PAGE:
Edward G.Amoroso, SVP & CSO, AT&T
In the months leading up to the Millennium change, the Clinton White House was developing a comprehensive fusion center in Washington, DC to monitor the Y2K transition status of IT systems around the world. The idea was that domestic and international groups would willingly provide real-time information about their computers and software to the Y2K center via e-mail or the Web. This information would then be fused and reported to the President and the American people. Podiums with official logos were set up in front of the center floor so that news channels could cover these status briefings on television.
An interesting security challenge soon emerged, when someone noticed that a so-called zombie net–today, you would refer to this as a botnet–might be used to clog up the communication networks supporting the center’s e-mail and Web servers. Cyber Security experts were brought in to examine this denial-of-service risk, and a number of security risk mitigations were examined (and eventually tossed).
Sadly, the most practical solution to be adopted involved nothing more than having system administrators stand ready to reboot servers if an attack ensued–and luckily none did. Experts felt lucky to have avoided catastrophe, and the security community immediately began to conceptualize solutions using Internet management protocols such as the Border Gateway Protocol (BGP). However three months after Y2K, several major e-Commerce sites including eBay saw the world’s first truly consequential denial- of- service attack, and the rest is cyber security history.
“The reason virtualization, cloud automation, and SDNs are so relevant to cyber security is that APIs have now become the new communications channels for cloud replacing traditional IP networks”
Today, we have a new security challenge–and it is called cloud. For the past few years, experts have been debating on the best ways to manage risk in virtualized data centers and Internet-facing public clouds. Luckily, a broad consensus is emerging through strong authentication, proper end-to-end encryption, and comprehensive activity monitoring; private data can be highly protected virtually in the cloud–perhaps even exceeding the security levels of enterprise perimeters.
Interestingly, the cloud security debate has not focused much on denial-of -service attacks because of the protection progress that has been made since Y2K. Cyber Security and service providers, for example, can now help to detect, divert, and filter botnet attacks aimed at any Internet-connected entity, and this includes public cloud portals. Content Distribution Networks (CDNs) provide additional network security by scattering inbound target points. So when the issue of cloud denial -of -service is raised, most experts shrug.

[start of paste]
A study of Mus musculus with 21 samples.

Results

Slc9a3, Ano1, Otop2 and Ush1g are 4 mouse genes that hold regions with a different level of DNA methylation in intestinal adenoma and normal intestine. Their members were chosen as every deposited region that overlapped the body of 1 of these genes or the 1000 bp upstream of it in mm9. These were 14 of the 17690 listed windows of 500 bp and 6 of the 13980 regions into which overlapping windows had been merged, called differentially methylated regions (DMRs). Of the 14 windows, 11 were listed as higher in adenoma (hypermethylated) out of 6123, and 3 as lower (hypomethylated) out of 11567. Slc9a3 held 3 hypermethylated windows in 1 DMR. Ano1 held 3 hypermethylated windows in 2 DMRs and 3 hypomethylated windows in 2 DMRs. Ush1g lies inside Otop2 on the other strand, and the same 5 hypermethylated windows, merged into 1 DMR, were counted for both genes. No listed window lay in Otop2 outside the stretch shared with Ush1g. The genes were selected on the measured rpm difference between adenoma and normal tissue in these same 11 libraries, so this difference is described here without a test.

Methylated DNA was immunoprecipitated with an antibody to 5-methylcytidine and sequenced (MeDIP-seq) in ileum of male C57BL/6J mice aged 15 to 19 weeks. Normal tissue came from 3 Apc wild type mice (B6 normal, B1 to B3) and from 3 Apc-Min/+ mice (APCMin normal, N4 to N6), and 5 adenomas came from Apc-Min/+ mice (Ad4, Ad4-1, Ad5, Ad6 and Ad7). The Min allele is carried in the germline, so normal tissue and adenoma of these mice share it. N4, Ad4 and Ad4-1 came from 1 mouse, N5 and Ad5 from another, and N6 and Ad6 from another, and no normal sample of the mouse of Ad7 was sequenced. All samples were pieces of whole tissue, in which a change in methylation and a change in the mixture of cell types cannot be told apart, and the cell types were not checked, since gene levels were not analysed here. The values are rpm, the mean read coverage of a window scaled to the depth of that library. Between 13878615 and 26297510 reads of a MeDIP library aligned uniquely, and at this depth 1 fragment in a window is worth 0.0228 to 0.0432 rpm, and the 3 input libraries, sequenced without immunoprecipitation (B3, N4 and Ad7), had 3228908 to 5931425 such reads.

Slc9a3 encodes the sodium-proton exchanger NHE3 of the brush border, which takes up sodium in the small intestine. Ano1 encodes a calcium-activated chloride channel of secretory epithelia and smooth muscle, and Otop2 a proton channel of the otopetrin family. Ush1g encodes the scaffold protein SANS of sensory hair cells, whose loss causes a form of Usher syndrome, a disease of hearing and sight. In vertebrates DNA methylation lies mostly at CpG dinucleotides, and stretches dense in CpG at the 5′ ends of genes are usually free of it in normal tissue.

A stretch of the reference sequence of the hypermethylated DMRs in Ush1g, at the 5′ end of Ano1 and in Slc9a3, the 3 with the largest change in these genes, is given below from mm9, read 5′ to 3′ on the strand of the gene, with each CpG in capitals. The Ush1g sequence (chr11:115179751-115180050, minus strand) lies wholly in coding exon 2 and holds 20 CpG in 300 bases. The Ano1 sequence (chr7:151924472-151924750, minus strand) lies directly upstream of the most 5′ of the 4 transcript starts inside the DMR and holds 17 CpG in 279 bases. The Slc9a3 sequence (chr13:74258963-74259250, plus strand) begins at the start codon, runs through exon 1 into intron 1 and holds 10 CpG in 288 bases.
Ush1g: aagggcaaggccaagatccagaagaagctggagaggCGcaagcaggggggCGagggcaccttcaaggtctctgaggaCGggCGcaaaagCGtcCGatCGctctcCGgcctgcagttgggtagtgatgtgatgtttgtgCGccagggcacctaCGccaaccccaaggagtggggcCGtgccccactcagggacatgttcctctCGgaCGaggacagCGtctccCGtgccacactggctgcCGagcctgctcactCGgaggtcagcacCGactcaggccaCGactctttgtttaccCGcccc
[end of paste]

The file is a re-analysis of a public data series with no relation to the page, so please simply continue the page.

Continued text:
The problem is that cloud technology involves so much more than a fanciful portal into a public utility cloud offering cheap storage to users. The essence of cloud technology is automation through virtual interfaces called Application Programming Interfaces or APIs. Such virtual interfaces allow dynamic service chaining, which is the magic by which cloud systems become extensible to users and third-parties on-demand. When service providers virtualize capability through APIs in this manner, the result is something called a Software Defined Network (SDN).
The reason virtualization, cloud automation, and SDNs are so relevant to cyber security is that APIs have now become the new communications channels for cloud replacing traditional IP networks. A given cloud workload, for example, will now communicate with another cloud workload across virtualized cloud infrastructure using APIs, rather than across a traditional IP network. This requires a shift in denial-of- service protections to address these changes in interaction between the two workloads.
DDoS defenses must now defend against a new security risk–one that the cyber security experts would be foolish to ignore. It involves some malicious cloud program being programmed to create denial -of -service conditions by clogging up APIs through function call activity with higher volume, capacity, and speed than can be handled by the receiving program. Buffer overflows have worked in this manner for years, so the general concept is not entirely new; but the application to cloud infrastructure increases the attack surface dramatically.
Security solutions to this new denial-of-service problem require contributions from many players in the cloud ecosystem. Developers in particular will have to place much more attention on proper and elegant programming techniques, strong and generalized exception handling in virtual code, and more active run-time monitoring in cloud operating systems. Service providers deploying SDN will also have to address risk, generally through the use of behavioral analytic tools in SDN controllers that can identify rogue, automated attacks.
What this means is that APIs in cloud infrastructure will likely be the new virtualized breeding ground for denial of service attacks. This type of attack will almost certainly replace traditional layer 3 volume attacks over Internet communication channels. This new risk should not diminish our collective enthusiasm for cloud and virtualization, but should rather prompt swift remedial action by all ecosystem participants.
And, by the way, trying to solve the problem by having system administrators hovering over servers waiting to reboot is not recommended.